Thursday, January 26, 2012

Policy or politics?

This is the height of the primary season. Speeches are coming from many candidates and those that are in office. How do you tell whether a speech is an "action" speech
(a speech that is directed towards correcting a specific problem, or a speech designed to address a problem that would be good for politics.
Policy or Politics?
A letter to the editor in January 26, 2012 Arizona Republic, by Dennis Santillo, addresses this very problem
"Whenever there is a major address or action by a politician, there emerges the
conjecture: Is this a political speech or a policy speech, a real effort to
address a problem would be good politics!
People would vote for the politician who did the right thing, right?
Yet, it is well-recognized that there is (sic)a difference between what is
political and policy.
...why is that? ...because the electorate is too ignorant to be able to tell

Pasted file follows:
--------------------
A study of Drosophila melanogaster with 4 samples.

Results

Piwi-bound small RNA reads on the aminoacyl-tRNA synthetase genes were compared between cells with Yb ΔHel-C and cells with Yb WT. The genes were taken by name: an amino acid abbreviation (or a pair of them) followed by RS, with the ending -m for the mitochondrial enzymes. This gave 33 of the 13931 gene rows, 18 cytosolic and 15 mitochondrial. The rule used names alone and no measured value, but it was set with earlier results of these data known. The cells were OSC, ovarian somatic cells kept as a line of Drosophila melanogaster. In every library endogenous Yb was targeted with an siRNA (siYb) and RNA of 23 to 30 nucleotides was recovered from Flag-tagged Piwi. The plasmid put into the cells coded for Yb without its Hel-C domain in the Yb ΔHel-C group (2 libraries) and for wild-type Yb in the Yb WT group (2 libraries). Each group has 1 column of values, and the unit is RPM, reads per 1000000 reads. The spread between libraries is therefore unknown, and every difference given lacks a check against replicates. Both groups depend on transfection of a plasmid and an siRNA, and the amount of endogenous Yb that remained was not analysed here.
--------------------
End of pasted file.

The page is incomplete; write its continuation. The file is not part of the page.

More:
We vote, not on the basis of an intelligent, well-informed analysis and
judgment, but on some emotional/visceral reaction."

Reference President Obama's State of the Union speech. Was it an action speech, or a political speech. It was both. You need to read the text to find where it turns from one element to the other. Most politicians give speeches that have solutions to problems, but are good for politics also. It is at this point in a speech where a politician reaches into his "party's" platform (things they stand behind and/or want to see changed) You can identify the move when they start to enunciate the party's position, or downgrade the other party's positions. An action speech usually has ways available to those voting on the issue that it can be done in the easiest manner. Remember, if you want to change someone's mind on an issue, you want to make it as easy as possible for them to say "yes". So, if you see that kind of activity within a speech, the politician is making it easy for the voter, congress person, whomever to say yes, usually that is calling for action by the listener on the issue. Political speeches can take several forms, usually it backs up the speaker and his position on the issue. He is asking you for your support, in whatever form.
It is up to you to sort through the speech, see if you can identify with any of the positions; can those positions turn you into a supporter? If so, how much, verbal, monetary, unpaid worker, have house parties for the candidate? Do you want to hear more? Less?